As ad network growth surges, a vertical focus takes forefront
The number of online advertising networks, companies that aggregate and sell advertising inventory on behalf of a group of publishers, has continued to grow in recent years. But is there room in the market for all of them? Experts in the space say maybe.
“Last I heard, there were 300 ad networks. That sounds like an insane number,” said Bill Wise, the general manager, marketing technology solutions for Yahoo. There's still room in the market for a lot of ad networks to be valuable and successful, he notes, but 300 may be too many.
The online space may not have room for new ad networks that simply aggregate audience on a horizontal basis, Wise said. Those taking a vertical approach are more likely to succeed. “Where they're concentrating on a particular audience and they're becoming experts in that audience, I think that's a great strategy,” he said.
Last year saw much acquisition activity in the space, with Microsoft buying aQuantive, Yahoo adding Blue Lithium, and WPP buying 24/7 Real Media.
While acquisitions have slowed, funding certainly hasn't, he added. For example, Brand.net recently announced it had gained $10 million in Series B funding, while rival ad network Turn, Inc. received $15 million in Series C funding.
Many people have been “jumping in” to the business, admitted Ken Sonenclar, managing director at media investment bank DeSilva + Phillips. “Seemingly, if you get the right ad network together and aggregate the right audience, you can make money,” he said.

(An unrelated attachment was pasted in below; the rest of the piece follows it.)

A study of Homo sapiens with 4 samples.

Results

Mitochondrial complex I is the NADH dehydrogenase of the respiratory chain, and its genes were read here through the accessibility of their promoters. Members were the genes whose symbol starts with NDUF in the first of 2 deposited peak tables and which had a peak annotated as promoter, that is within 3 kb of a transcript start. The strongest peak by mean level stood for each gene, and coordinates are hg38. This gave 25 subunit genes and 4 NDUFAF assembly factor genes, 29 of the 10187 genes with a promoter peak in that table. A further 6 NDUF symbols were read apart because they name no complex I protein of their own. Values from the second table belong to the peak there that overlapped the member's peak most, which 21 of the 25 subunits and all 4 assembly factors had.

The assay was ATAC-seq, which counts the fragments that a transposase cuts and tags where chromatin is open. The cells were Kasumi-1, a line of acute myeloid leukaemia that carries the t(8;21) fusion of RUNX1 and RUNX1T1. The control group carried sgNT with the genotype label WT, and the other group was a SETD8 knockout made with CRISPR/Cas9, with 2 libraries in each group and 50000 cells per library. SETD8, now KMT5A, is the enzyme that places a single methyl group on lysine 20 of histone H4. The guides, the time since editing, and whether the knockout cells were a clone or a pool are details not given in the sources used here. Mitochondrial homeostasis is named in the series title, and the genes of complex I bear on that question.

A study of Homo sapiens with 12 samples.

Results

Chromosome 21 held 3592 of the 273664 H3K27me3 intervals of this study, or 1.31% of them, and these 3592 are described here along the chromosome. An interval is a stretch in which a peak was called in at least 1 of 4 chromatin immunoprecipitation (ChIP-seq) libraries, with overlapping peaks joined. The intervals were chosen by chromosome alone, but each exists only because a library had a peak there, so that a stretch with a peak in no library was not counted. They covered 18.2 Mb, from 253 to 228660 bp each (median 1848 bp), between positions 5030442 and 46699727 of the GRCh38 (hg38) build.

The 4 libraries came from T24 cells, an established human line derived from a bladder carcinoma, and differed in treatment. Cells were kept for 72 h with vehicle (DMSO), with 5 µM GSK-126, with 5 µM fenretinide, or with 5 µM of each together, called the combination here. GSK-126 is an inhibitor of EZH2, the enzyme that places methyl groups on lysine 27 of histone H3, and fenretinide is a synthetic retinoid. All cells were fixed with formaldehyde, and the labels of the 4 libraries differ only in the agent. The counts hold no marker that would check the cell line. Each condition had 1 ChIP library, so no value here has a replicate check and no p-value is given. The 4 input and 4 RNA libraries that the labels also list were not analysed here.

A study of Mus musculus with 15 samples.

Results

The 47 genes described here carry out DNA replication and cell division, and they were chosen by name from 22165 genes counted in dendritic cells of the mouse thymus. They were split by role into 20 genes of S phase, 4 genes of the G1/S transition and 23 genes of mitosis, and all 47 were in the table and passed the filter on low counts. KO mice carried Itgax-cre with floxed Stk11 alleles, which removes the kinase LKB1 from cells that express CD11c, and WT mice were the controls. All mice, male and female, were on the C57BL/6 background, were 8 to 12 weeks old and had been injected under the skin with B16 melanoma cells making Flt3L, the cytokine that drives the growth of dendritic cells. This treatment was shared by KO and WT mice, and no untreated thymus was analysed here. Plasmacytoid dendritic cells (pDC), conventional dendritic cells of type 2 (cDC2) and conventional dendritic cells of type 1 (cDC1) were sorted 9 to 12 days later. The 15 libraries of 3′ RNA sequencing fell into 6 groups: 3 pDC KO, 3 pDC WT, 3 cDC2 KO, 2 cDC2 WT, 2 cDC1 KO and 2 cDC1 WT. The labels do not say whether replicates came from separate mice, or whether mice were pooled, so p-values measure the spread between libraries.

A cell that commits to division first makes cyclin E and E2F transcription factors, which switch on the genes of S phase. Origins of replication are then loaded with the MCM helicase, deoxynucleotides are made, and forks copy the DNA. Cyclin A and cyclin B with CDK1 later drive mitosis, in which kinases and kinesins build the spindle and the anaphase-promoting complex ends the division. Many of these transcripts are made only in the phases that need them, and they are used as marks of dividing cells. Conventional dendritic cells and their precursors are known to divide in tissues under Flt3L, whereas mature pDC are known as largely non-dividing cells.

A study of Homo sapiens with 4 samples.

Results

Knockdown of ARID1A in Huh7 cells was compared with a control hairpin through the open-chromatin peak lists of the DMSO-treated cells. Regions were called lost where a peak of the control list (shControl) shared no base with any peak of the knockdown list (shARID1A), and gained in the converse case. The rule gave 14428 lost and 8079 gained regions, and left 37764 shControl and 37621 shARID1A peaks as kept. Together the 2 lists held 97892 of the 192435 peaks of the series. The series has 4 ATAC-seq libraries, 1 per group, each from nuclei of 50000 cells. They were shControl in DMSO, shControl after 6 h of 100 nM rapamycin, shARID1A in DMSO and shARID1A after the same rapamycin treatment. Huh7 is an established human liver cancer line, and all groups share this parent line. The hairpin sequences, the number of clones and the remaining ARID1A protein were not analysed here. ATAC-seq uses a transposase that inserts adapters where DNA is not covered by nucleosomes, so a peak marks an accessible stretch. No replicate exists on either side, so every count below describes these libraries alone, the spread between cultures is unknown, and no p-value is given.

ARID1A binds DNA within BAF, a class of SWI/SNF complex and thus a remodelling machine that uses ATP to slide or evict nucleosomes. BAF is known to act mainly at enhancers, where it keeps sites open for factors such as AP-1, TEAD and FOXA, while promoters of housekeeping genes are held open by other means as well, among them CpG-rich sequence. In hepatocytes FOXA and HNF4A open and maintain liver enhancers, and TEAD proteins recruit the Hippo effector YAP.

Barriers to entry are also relatively low, as they are in many of the aspects of digital publishing, Sonenclar said.
Sonenclar sees remnant networks suffering, since these networks don't give visibility to advertisers about where their ads are going. “There's definitely been a push towards transparency,” he said.
Networks that survive will be able to get the right eyeballs on trusted content, said Andy Ellenthal, CEO of quadrantONE.
Cree Lawson, founder and CEO of Travel Ad Network, agreed. “It's finally starting to resonate with the market that you plan media differently when you're marketing baby food than where you're trying to sell cars or vacations,” he said.
Lawson anticipates that the ad networks that win in the space will be the ones providing value beyond lower cost per thousand page impressions (CPMs) and optimization. “I think the future of networks is specialization,” he said.
Networks that deliver the right ad to the right audience at the right time at the right price will do well, Sonenclar anticipates. “There's a fair amount of competition and I think you're going to see very quickly that ad networks that don't have any special value to add become victims to the overpopulation of ad networks.”
In this economic market — as ad spend slows — ad networks will need to be unique and offer differentiation, Wise says.